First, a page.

Teen Workers


Teen Workers Essay, Research Paper

Teen Workers

Fifteen years old and working seems to be becoming a norm and in fact

there are many teenagers younger than fifteen who are already working at paying

jobs. Some of these students are as young as 12 years old.

More than half of the secondary school students have paying jobs. This

number grows each grade level the student goes up. The number of hours also

rises along with the grade level. The kind of job varies depending on the sex

of the child. Boys tend to deliver newspapers and girls tend to babysit. As

the teens grow older the job interest change with teenage girls turning to

restaurants and retail outlets, while the boys will work in the family business

, restaurants and other food related businesses. The hours that the kids have

to chose from are usually form 6a.m. to 8a.m delivering newspapers and 8p.m to

6a.m. for babysitting. Most other jobs are scheduled 3pm till 10pm during the

week while weekend jobs tend to have schedules of 7 to 8 hours per day.

The Higher Education Board says that working more than 15 hours a week

is bad for the academic career . As the work hours increase the study time

decreases. Current research finds that a work schedule of 10 hours or less

seems to be the best and for most teenagers a schedule of 10 hours does not

effect their academic performance, in negative ways but in fact seems to help

them do better in school shown by improved grades. Those teens working 10 to

15 hours per week are in a toss up situation with some doing well while others

struggle. It is at the 15 hour level that things change and the work starts to

effect the teens performance. Although there seems to be no direct relationship

between the hour spent working and the hours spent studying and how this effects

the grades, there does seem to be a relationship between the number of hours

worked and the absentee rate. Those students working weekend jobs and spending

most of the weekend time at say a fast food restaurant tend to miss more scho ol.

It has also been found that working more than 15 hours has not been

proven to be a cause of dropping out of high school. Failure at school is the

biggest reason for dropping out and the effect of failure at school can be but

is not always caused by a student working. Most often the student who drops out

does so for a variety of reasons the desire to earn money maybe part of the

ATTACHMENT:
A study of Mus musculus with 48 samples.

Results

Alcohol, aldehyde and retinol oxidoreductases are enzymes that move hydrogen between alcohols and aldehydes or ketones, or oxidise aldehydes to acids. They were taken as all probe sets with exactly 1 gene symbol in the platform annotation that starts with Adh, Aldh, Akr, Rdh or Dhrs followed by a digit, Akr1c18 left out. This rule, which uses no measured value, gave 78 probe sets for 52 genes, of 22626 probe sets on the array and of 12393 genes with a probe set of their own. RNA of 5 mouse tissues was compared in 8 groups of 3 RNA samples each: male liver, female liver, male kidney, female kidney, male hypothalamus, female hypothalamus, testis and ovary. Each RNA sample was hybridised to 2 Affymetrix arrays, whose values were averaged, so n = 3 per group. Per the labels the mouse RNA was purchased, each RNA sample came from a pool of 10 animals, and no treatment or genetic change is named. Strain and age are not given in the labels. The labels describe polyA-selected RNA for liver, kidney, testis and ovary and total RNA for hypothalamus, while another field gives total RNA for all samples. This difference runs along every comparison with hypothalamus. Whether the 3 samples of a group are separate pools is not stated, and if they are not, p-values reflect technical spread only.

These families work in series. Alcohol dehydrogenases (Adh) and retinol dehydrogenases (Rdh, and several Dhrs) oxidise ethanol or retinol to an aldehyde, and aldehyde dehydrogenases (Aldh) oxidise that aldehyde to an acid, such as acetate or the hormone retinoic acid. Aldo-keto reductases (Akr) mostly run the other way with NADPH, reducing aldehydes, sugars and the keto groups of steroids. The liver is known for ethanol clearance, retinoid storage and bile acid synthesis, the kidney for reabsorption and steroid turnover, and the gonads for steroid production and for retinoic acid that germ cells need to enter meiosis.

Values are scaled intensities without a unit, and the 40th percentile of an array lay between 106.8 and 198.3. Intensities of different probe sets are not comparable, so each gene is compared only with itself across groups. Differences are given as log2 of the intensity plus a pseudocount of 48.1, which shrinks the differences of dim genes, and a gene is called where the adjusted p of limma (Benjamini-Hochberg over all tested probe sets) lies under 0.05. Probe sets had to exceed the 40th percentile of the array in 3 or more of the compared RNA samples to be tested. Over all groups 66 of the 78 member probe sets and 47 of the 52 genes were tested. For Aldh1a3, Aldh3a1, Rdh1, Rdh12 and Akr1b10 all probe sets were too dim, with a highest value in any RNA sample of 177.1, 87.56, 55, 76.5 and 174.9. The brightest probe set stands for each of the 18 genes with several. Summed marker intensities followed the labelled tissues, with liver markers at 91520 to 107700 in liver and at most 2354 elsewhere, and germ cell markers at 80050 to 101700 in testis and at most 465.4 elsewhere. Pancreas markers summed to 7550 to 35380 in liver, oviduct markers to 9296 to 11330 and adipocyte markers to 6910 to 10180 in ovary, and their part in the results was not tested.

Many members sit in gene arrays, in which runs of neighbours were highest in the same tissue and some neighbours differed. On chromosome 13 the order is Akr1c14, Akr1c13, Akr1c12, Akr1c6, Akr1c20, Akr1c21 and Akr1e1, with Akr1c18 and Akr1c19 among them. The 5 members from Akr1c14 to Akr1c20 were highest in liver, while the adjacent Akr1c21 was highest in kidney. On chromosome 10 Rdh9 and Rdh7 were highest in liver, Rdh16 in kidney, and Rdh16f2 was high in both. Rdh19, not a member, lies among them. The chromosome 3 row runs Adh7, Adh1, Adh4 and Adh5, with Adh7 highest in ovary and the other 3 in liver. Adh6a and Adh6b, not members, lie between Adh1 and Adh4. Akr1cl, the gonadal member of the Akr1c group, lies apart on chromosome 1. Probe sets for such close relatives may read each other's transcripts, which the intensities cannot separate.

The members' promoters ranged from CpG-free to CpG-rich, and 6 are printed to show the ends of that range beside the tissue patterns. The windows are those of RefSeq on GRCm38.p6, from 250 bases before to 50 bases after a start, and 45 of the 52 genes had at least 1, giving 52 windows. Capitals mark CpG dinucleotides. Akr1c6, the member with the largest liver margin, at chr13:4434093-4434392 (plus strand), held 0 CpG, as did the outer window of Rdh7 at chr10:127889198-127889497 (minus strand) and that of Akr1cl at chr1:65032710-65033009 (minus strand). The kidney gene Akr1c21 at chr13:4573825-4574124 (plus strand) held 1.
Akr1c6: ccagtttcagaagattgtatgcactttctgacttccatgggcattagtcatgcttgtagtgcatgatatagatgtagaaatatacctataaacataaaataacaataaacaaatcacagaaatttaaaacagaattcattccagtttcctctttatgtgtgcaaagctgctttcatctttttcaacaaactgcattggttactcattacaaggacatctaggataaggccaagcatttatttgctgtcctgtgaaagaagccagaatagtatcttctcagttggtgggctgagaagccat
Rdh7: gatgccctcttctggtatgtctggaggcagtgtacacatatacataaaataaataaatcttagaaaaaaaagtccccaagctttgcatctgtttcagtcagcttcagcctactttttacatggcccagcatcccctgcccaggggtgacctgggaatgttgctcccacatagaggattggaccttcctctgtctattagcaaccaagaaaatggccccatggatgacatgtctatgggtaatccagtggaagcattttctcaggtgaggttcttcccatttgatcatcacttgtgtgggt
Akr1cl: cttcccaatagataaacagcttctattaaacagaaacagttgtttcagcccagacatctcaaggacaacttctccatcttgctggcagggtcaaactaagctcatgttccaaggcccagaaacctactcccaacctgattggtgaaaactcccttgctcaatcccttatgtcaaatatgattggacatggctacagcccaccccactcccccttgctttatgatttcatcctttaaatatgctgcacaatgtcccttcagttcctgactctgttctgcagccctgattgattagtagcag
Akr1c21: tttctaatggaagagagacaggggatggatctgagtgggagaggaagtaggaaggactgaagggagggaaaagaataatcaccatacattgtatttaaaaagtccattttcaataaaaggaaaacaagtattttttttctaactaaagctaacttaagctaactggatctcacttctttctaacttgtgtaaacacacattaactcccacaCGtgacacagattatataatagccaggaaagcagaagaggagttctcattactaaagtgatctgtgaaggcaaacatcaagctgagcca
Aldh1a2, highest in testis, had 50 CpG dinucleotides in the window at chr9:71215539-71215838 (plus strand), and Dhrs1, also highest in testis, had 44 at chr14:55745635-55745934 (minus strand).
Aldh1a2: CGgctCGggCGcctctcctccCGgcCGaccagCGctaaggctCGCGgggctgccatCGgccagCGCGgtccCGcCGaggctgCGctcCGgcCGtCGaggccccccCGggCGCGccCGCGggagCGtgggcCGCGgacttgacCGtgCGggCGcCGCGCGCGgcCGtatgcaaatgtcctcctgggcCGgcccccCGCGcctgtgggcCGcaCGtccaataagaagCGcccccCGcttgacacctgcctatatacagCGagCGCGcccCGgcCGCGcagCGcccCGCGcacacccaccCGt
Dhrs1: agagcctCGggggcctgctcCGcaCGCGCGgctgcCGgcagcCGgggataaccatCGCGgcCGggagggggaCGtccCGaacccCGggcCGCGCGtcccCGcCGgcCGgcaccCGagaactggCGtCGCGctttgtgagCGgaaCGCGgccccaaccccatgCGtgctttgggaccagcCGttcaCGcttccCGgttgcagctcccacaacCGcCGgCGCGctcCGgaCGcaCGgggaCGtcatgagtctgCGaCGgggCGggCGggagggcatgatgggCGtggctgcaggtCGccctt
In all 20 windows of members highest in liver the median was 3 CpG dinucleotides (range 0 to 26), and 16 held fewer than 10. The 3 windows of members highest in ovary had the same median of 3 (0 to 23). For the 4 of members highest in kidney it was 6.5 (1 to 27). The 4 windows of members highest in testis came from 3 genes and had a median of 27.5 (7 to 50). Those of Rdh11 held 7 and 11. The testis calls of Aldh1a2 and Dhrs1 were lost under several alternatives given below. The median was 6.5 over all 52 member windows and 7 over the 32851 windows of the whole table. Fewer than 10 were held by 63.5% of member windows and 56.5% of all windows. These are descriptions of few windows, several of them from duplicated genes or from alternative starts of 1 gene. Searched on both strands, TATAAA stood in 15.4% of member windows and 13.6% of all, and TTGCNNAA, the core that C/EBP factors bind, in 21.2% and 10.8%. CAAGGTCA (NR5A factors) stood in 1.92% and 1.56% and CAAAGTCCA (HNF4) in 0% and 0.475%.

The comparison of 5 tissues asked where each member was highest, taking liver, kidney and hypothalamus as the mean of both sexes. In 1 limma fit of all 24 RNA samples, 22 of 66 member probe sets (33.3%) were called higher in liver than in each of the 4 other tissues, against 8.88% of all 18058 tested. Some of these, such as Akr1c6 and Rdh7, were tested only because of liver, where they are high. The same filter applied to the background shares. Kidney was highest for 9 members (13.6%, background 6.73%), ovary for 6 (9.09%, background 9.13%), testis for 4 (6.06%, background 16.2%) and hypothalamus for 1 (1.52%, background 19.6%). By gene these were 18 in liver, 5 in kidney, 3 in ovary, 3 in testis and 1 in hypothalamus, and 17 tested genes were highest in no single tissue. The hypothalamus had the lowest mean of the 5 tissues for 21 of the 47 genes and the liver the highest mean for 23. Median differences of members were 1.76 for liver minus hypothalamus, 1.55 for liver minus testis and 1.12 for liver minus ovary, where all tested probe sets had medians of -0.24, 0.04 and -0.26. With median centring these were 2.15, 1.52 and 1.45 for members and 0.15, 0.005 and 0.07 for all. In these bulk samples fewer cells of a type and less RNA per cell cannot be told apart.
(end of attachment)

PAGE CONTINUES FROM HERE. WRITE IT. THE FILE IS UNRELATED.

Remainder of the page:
picture but there are many parts to that picture.

A survey done by Nicole Champagne says that 85% of secondary and high

school students work for the purpose of buying consumer goods. The primary

reason for working among 16 year olds is to by a car. Among this 85% 40% of

them work more than 15 hours a week.

For 20% working has a completely different purpose and that is to help

their families in a time of need. This group is usually made up of juniors and


Ms. champagne also found that 76.8% of the students that were working

were doing so because they wanted the job market experience. Of these students

69.7% said they would continue to work even if their parents gave them the money

they were earning at their jobs.

As the number of teens working continues to grow there are some

concerns that this work environment is causing the teens to miss out on other

more important activities including the full educational experience.

It is ironic that as more and more teens work that the school systems

seem to make fewer and less demands of the students. The school systems also

seem to cut into the student activities and by doing so help the student to lose

interest in what is going on at school. This also gives the teen reason to look

for other amusements, including work.

A typical day of the working teenager would start with a 5 :30 am wake

up call, after having had five hours sleep. In the next hour and a half this

teen must prepare him or her self for school which may include doing some

homework that’s due this very day. After all the preparations are done and our

typical working teen arrives at school the struggles of staying awake begin.

As first period ends the awaking of the working teenager begins. As lunch

begins the turning point of the working teenager day begins, because he or she

both starts to realize the days work ahead.

While the realization of the work ahead sets in, the teenager starts to

plan when to try and do home work and how much time is needed per assignment.

After the school day’s end the typical working teenager has prepared to work for

another 7 to 8 hour and possibly another hour or two doing home work, before

jumping into bed for tonigths 5 hour ration of sleep.